Wednesday, September 4, 2013

How to Criticize a Writer

Peg Herring writes the award-winning Dead Detective Mysteries, the critically acclaimed Simon & Elizabeth Mysteries, and the suspenseful Loser Mysteries. She lives in northern Michigan with her husband of many years, but they will travel with the slightest provocation.

http://pegherring.com

We’d rather you didn’t. Our books are like our children, and while we might make mistakes along the way, we’d rather you viewed them kindly. Like child-rearing, book-writing is hard work, and it’s tough to get everything right.

We all criticize books in some ways. We don’t buy them if we don’t like the genre, the cover, or the blurb on the back. We buy some, try them, and give up. Too slow, too violent, too mushy. After fifty pages, we know it isn’t for us.



Then there are books we actually read all the way through. Now we feel justified in giving an opinion. We saw what the author offered. We took it in. We formed an opinion.

If you like a book, let the author know. A woman told me last week, “I started The Lady Flirts with Death at 7:00 last evening.”

“That’s good,” I said.

With a smile she added, “I finished it at 2:00 this morning.”

Now, that’s good!

Let’s say you don’t like a book. There are many things to criticize, language, plot, character development, exposition, dialogue, and so on. You might temper your criticism, knowing people like different things. There are award-winning authors whose work I find unreadable: ridiculous plots, wandering exposition, info dumps to fill pages, and so on. Guess what? It doesn’t stop millions of people from buying their books. My opinion is just that: an opinion.

When people ask if I like these authors, I try to be diplomatic. I never say, “It’s a terrible book,” or “He couldn’t write his way out of a well-lighted room.”

A friend who reviews books always puts her criticisms in terms of personal preference. “If you don’t mind a plot that doesn’t stand up to close examination, this book is fun.”

What if there are mistakes in a book?



It happens. I estimate that between editors, beta readers, and others, at least 14 people read the text of my first book and missed one misspelling of sandal (not to mention the dozens of times I read it myself!)

So do you tell the author when you find a mistake? If the book has been on the market more than a month, you can assume someone already has. There are people who looooooove pointing out mistakes, real and imagined. I had a reader write to ask me why I named a Tudor character Charles, since the name “wasn’t in use in England at the time.” Hmmm, what about Charles Brandon, Henry the Eighth’s good buddy? Another reader questioned my use of the word dollar, claiming it wasn’t a Tudor word, but a search of the dictionary reveals that dollar was a slang term for a crown. Lesson: Make certain you’re right before you start sending messages.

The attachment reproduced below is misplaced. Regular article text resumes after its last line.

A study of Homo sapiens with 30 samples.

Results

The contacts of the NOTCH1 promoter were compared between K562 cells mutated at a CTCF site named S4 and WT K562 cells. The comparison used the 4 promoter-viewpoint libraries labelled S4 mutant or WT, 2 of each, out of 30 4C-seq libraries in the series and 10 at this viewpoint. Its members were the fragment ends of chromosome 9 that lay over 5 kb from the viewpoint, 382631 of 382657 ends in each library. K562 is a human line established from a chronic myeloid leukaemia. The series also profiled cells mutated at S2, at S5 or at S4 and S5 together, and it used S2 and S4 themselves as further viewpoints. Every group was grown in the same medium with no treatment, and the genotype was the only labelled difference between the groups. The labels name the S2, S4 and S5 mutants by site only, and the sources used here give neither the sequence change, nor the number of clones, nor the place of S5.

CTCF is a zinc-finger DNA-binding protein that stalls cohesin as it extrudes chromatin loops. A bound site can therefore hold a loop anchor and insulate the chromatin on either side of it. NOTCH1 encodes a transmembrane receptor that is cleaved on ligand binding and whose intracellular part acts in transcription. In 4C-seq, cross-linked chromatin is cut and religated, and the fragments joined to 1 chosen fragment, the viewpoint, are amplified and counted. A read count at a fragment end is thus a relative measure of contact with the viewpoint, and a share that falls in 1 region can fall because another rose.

If a mistake is real, the author needs to know. There might be later editions in which it can be fixed. If you must mention it, be polite and don’t imply the author is an idiot because she missed it. Yes, it might make you feel really smart, but remember, our books are our children. We know they have faults, but we resent it when you make a big fuss about how ugly they are.

2 comments:

cncbooks said...

Ahh, mistakes, what a sticky wicket. I try to take the path of pointing out that "there are a few construction errors that didn't really affect my enjoyment of the story" because I don't want to make a big deal about it but believe I owe it to others to let them know in case they're true purists. I figure my mild complaint is better than the really nasty review such people might leave later if they've had no warning.

My real dilemma is wondering what to do when the book is littered with errors and it's not just a matter of spellcheck run amok. I'm angsting over one right now that could have been a strong story but all the poor editing caused so many distractions that I was constantly pulled out of the story. The worst of it is this is a friend who has multiple publications and he KNOWS better. I don't know how I'm going to handle this but I have to decide soon. Oh, woe is me.

Fortunately, Peg, I can't say that this has ever been a problem with your books ;-)

Lelia Taylor

Peg Herring said...

I don't envy reviewers for that very reason, Lelia! My sophomores, asked to edit each other's work, always found a spelling error or two and said something like, "Very good."
It isn't that simple for reviewers, who owe their readership an honest opinion but don't want to crush authors' dreams. Still, I've talked to many self-published writers at my workshops who wish they hadn't "put it out there" with so many errors. Better forewarned than embarrassed!